The key goal of Citi Bike, New York City’s new bike share program, is to encourage residents and visitors to try cycling as a means of urban transport.
Biking in the city comes with a lot of benefits: It’s healthy, convenient, gets you outside, and reduces carbon emissions in the atmosphere.
This is a great idea until you start thinking about all the folks out there with as much experience biking as flying a space shuttle picking up a bike and tooling around New York City.
Novices will use Citi Bikes and will be sharing space with fast-moving cars and pedestrians. This is equal measures terrifying and amusing.
So if you are thinking about getting on a bike in NYC, whether on your own wheels or on a Citi Bike, here are 15 rules to keep you (and those around you) safe, legal, and from drawing the ire of New Yorkers.
You don't have to bike in a suit. If you can't shower at the office or a gym nearby, consider biking in a t-shirt, then changing once you've arrived. Bring deodorant.
Don't expect to be seen by drivers or pedestrians. Cyclists are an increasingly common sight in NYC, but they still surprise people who step into bike lanes or open their car doors without looking.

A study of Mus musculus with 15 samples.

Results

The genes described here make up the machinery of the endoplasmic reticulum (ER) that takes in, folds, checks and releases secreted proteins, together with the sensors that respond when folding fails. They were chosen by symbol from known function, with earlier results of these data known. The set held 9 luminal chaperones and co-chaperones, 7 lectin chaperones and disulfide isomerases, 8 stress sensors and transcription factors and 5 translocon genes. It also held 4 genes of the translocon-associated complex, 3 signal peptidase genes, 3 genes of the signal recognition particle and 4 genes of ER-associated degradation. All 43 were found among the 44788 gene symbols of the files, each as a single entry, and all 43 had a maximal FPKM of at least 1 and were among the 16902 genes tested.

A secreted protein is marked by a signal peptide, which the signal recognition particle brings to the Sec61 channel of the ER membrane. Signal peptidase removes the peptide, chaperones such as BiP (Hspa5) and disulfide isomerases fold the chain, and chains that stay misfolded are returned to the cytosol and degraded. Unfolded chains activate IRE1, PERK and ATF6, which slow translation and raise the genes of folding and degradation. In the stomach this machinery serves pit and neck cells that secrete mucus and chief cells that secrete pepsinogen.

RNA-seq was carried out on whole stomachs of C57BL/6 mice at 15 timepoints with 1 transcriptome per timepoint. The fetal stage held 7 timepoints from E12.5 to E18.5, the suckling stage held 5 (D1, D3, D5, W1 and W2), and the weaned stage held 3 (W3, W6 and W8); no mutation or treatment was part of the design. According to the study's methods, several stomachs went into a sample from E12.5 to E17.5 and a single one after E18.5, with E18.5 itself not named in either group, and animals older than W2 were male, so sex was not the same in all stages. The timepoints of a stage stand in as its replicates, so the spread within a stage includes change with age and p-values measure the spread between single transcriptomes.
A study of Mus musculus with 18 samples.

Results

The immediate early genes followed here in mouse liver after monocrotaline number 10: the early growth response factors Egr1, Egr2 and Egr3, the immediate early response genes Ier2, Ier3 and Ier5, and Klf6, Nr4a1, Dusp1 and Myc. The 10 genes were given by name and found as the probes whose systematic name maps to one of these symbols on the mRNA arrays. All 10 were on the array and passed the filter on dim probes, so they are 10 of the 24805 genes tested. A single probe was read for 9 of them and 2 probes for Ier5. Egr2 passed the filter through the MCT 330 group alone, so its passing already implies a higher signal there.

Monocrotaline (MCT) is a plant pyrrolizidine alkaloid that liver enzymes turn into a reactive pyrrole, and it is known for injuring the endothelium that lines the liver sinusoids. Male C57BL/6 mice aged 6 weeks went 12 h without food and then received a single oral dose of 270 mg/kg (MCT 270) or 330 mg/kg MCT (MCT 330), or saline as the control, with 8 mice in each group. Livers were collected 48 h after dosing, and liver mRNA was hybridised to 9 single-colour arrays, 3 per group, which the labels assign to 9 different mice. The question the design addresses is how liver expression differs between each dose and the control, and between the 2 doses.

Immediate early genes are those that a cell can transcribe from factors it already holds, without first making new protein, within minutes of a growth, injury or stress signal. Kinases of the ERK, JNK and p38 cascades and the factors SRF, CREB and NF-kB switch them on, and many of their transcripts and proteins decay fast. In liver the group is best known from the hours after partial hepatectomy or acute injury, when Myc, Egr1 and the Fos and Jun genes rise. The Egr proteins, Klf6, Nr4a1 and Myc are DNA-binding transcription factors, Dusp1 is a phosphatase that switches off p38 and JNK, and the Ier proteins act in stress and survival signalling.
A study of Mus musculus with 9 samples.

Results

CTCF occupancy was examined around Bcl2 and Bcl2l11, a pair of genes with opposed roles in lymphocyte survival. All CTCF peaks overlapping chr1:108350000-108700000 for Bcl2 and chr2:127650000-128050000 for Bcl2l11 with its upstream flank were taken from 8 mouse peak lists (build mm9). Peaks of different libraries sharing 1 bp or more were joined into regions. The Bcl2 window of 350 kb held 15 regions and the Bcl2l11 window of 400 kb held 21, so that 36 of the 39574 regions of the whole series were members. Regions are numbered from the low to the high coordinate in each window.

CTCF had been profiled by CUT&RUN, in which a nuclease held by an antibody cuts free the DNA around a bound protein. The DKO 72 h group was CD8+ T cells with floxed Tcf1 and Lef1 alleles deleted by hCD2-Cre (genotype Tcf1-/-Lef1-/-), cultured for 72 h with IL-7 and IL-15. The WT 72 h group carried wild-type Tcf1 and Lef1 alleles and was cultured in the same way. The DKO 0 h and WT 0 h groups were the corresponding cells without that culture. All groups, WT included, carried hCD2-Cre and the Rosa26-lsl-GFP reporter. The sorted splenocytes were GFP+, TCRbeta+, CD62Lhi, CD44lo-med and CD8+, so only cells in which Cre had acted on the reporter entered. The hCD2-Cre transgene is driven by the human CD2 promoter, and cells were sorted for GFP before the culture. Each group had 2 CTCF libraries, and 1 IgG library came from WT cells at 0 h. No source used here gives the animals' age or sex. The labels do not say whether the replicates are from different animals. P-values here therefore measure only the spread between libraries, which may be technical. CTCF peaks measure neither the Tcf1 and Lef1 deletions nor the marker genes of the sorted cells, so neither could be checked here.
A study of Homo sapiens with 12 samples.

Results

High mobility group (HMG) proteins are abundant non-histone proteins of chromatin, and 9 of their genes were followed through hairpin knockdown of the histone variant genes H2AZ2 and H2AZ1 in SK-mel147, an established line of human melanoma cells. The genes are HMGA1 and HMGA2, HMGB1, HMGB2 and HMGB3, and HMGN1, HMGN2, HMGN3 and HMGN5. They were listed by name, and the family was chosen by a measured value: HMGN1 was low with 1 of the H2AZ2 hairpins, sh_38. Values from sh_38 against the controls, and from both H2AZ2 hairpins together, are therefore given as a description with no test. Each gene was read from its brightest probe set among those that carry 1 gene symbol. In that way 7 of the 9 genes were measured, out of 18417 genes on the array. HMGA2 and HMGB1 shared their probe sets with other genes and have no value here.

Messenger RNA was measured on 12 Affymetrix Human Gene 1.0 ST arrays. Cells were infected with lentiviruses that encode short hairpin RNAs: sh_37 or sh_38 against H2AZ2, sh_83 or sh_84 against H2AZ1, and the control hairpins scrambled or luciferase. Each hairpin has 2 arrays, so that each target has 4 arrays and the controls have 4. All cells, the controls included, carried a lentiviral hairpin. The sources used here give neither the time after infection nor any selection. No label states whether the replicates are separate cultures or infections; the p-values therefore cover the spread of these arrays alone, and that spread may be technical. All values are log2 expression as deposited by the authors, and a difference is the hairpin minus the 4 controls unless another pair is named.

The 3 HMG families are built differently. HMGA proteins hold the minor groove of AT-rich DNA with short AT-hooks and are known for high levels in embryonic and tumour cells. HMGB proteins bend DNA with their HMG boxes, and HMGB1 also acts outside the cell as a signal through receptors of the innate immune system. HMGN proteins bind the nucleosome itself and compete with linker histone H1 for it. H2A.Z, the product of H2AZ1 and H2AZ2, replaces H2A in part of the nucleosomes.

Get a loud bell. Use your loud bell. Often. It's good mostly for warning pedestrians you're in a bike lane, and so are they.
If you can't keep your bike inside, lock it up well (make sure the frame and both wheels are secured). If it's a Citi Bike, make sure to return it properly before walking away.
Don't be afraid to bike in the middle of the street when there isn't enough room for you and a car. You may annoy some drivers, but you have the right to take the lane, and won't end up being pinned between a car and a light pole.
Put lights on your bike (white in front, red in back). Use them. Buy a reflector vest too, for use at night.
Don't let bike grease ruin your pants. Roll the leg up, or buy a band to keep the fabric close to your skin.
Follow basic rules of traffic — you count as a vehicle, and should act accordingly. No going the wrong way on one-way streets.
Don't weave between cars, parked or not. Going in a straight line makes you more predictable, and less likely to surprise a driver who's not paying attention.
If you're riding your own bike for the first time in a while, get it tuned up. That way, you know your brakes will work and your tires are properly inflated. If you're grabbing a Citi Bike, make sure it's in working order before taking it out.